The American Rescue Plan Act of 2021 (ARPA) was signed into law on March 11, 2021. The ARPA, among other things, makes significant changes to COBRA administration by providing for additional COBRA enrollment rights and a temporary 100% COBRA premium subsidy from April 1, 2021 to September 30, 2021. These provisions apply to employees and former employees who lost group coverage due to involuntary termination of employment or an involuntary reduction in hours.
For an overview of the eligibility criteria and employer responsibilities relating to COBRA subsidies, please see our prior advisory, “The Return of COBRA Subsidies: Flashbacks of 2009.”
Changes to Employers’ Existing Practices and Severance Programs
The ARPA imposes several changes that may impact: (1) past, current, and future workplace separations, and (2) severance packages offered by employers for the next six months.
Former employees who suffered an involuntary separation of employment in the last 18 months, including those who received severance packages, should now receive an updated notice of the ARPA subsidy and the special enrollment period even if they had already been issued a COBRA notice at the time of their termination and even if they declined COBRA continuation coverage.
Employees who are involuntarily separated between April 1, 2021, and September 30, 2021, should be provided with the notice of the ARPA subsidy with their COBRA notification.
Employers that pay for a terminated employee’s COBRA premiums as part of a severance program should understand that in most cases, during the next six months, this will no longer be a benefit which can serve as adequate consideration for a release of claims. Employees who are involuntarily terminated between April 1, 2021 and September 30, 2021, unrelated to gross misconduct, will be eligible for the subsidized COBRA premiums independent of any severance agreement or release unless they are eligible for other group insurance coverage.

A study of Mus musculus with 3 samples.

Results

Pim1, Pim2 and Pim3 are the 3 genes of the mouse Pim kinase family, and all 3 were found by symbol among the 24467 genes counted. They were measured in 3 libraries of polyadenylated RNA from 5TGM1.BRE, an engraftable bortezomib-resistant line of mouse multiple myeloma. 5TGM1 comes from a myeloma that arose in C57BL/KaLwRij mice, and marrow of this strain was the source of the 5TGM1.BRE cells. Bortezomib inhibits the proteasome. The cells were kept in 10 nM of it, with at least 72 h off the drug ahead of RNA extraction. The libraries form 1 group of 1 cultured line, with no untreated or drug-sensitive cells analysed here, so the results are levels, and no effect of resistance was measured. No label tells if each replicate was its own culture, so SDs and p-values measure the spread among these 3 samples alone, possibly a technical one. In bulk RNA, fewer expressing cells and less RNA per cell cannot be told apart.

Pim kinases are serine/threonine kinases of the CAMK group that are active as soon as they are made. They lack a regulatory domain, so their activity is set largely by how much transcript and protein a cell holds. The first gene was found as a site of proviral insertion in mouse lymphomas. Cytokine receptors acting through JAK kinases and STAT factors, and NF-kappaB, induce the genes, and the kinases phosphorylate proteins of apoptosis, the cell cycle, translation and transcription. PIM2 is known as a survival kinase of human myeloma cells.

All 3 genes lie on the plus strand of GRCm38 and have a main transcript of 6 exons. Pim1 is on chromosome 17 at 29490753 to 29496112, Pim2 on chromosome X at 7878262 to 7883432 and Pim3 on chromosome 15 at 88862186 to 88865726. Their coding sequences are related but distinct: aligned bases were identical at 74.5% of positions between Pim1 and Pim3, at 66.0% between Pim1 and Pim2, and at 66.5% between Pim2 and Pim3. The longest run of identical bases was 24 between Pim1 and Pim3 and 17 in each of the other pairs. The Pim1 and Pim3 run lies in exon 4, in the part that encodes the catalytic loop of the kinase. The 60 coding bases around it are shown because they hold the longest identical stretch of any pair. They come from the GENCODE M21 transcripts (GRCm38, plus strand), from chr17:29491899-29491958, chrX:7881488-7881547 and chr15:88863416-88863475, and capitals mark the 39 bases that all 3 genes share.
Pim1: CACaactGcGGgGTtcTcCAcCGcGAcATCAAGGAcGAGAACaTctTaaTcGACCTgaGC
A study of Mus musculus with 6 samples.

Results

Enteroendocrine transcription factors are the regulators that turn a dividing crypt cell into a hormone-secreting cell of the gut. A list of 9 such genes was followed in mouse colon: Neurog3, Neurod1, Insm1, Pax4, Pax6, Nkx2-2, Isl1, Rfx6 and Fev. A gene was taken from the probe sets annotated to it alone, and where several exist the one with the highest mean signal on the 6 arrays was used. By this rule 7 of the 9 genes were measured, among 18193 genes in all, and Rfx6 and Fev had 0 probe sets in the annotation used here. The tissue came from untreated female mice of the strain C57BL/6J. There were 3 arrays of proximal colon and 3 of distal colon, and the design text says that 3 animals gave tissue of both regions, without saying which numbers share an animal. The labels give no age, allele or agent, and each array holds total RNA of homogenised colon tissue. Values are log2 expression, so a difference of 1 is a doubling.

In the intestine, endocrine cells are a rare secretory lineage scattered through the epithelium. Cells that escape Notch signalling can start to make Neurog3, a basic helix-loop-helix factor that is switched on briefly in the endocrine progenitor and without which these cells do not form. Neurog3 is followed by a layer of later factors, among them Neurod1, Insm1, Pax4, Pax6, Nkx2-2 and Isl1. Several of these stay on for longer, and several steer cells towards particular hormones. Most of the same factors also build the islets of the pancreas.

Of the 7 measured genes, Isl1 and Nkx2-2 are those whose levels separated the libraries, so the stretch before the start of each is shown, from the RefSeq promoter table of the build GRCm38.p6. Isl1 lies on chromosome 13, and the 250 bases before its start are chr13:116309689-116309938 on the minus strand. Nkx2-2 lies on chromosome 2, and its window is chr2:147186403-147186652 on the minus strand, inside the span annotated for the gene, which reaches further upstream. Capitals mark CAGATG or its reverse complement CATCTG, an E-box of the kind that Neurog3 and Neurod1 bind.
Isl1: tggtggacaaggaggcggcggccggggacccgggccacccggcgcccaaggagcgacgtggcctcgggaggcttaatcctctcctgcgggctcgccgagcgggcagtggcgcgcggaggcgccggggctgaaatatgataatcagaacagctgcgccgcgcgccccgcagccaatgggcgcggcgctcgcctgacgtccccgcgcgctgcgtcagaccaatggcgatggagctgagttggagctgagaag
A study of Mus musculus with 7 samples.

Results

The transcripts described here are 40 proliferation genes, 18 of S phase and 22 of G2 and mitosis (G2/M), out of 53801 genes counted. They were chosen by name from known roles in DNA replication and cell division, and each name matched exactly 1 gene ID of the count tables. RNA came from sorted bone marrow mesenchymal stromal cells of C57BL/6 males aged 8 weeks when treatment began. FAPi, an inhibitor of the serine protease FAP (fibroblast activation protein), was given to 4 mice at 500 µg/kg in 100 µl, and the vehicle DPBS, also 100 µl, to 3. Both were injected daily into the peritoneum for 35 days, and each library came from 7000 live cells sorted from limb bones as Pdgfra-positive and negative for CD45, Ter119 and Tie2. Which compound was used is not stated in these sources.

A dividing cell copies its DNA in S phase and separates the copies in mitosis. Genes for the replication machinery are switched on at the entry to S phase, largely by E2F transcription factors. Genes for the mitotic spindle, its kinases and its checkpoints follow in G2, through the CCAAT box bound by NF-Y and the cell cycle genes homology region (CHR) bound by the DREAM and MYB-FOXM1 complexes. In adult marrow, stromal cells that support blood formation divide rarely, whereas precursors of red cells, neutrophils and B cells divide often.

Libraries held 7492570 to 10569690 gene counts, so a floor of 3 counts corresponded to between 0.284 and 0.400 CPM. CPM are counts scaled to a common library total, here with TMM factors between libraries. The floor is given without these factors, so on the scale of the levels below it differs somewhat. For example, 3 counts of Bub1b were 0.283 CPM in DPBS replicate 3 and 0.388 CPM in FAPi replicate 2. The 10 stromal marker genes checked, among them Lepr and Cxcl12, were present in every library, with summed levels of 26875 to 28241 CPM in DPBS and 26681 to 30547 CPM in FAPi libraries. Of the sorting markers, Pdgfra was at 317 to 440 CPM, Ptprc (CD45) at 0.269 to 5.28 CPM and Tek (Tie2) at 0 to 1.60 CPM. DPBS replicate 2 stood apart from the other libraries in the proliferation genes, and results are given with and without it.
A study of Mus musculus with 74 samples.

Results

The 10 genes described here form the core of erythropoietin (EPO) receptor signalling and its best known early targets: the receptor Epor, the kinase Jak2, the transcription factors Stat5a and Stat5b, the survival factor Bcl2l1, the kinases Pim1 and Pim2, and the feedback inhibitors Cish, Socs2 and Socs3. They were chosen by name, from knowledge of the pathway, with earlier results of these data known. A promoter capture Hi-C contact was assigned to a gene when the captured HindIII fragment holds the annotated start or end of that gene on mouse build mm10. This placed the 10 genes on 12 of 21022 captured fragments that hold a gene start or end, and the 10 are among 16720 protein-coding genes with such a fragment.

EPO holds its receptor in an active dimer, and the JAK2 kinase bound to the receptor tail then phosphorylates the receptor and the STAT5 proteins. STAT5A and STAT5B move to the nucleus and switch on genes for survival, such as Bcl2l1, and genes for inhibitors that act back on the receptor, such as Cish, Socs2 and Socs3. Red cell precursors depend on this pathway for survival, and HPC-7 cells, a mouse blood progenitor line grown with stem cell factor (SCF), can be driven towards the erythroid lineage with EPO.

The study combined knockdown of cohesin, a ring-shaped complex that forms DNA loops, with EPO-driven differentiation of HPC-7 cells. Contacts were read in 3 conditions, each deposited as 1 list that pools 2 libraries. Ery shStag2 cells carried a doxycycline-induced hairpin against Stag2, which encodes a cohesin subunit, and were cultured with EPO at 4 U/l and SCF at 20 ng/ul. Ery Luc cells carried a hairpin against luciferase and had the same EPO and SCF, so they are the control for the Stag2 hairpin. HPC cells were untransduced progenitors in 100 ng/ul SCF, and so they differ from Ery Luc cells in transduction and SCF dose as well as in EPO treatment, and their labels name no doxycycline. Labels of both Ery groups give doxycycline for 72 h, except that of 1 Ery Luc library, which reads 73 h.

Employer-paid COBRA benefits may remain valuable as consideration in severance packages for employees who voluntarily resign (since employees who voluntarily resign are not eligible for the subsidy), or for employees who are involuntarily terminated if the employer chooses to provide paid COBRA continuation coverage for a period longer than the mandatory six-month subsidy.
Other things to consider in light of the temporary COBRA subsidies include:
- Some severance agreement templates use language explaining that benefit coverage will end on a certain date and that continuation of coverage may be elected but will be at the employee’s expense. This is no longer true for eligible individuals under the ARPA. Such language should be revised to reflect that eligible employees under the ARPA can sign up for COBRA coverage and will pay no premiums from April 1, 2021 through September 30, 2021.
- Employers also need to change their severance documents and related practices if the employer subsidizes some or all of the COBRA coverage. Under the ARPA, eligible employees do not have to pay any portion of the COBRA premium during the relevant period, so no cost-sharing by the employee can be required, and the employer’s payment during the time period covered by the ARPA cannot be consideration for a release.
- Employers need to review severance agreements entered into in the last 18 months to determine whether part of the severance benefit included employer-paid COBRA premiums for months in the COBRA subsidy period. Agreements whereby the employer pays the COBRA premiums directly to the carrier will not be impacted during the subsidy period. However, in cases where an employer promised to pay a former employee additional compensation to cover COBRA premiums or to reimburse COBRA premiums paid directly by the former employee, the COBRA subsidy rules require the employer to pay the premiums directly to the carrier during the subsidy period. Former employees eligible for the COBRA premium subsidy who elect COBRA continuation coverage are not required to pay any premiums for the coverage during the subsidy period.
Employers should review recent and current severance and separation issues and implement the above changes.
On April 7, the Department of Labor issued Frequently Asked Questions which address and clarify certain issues under the ARPA, along with model notices to send to former employees who were involuntarily terminated within the last 18 months. See link here for DOL’s ARPA-related resources.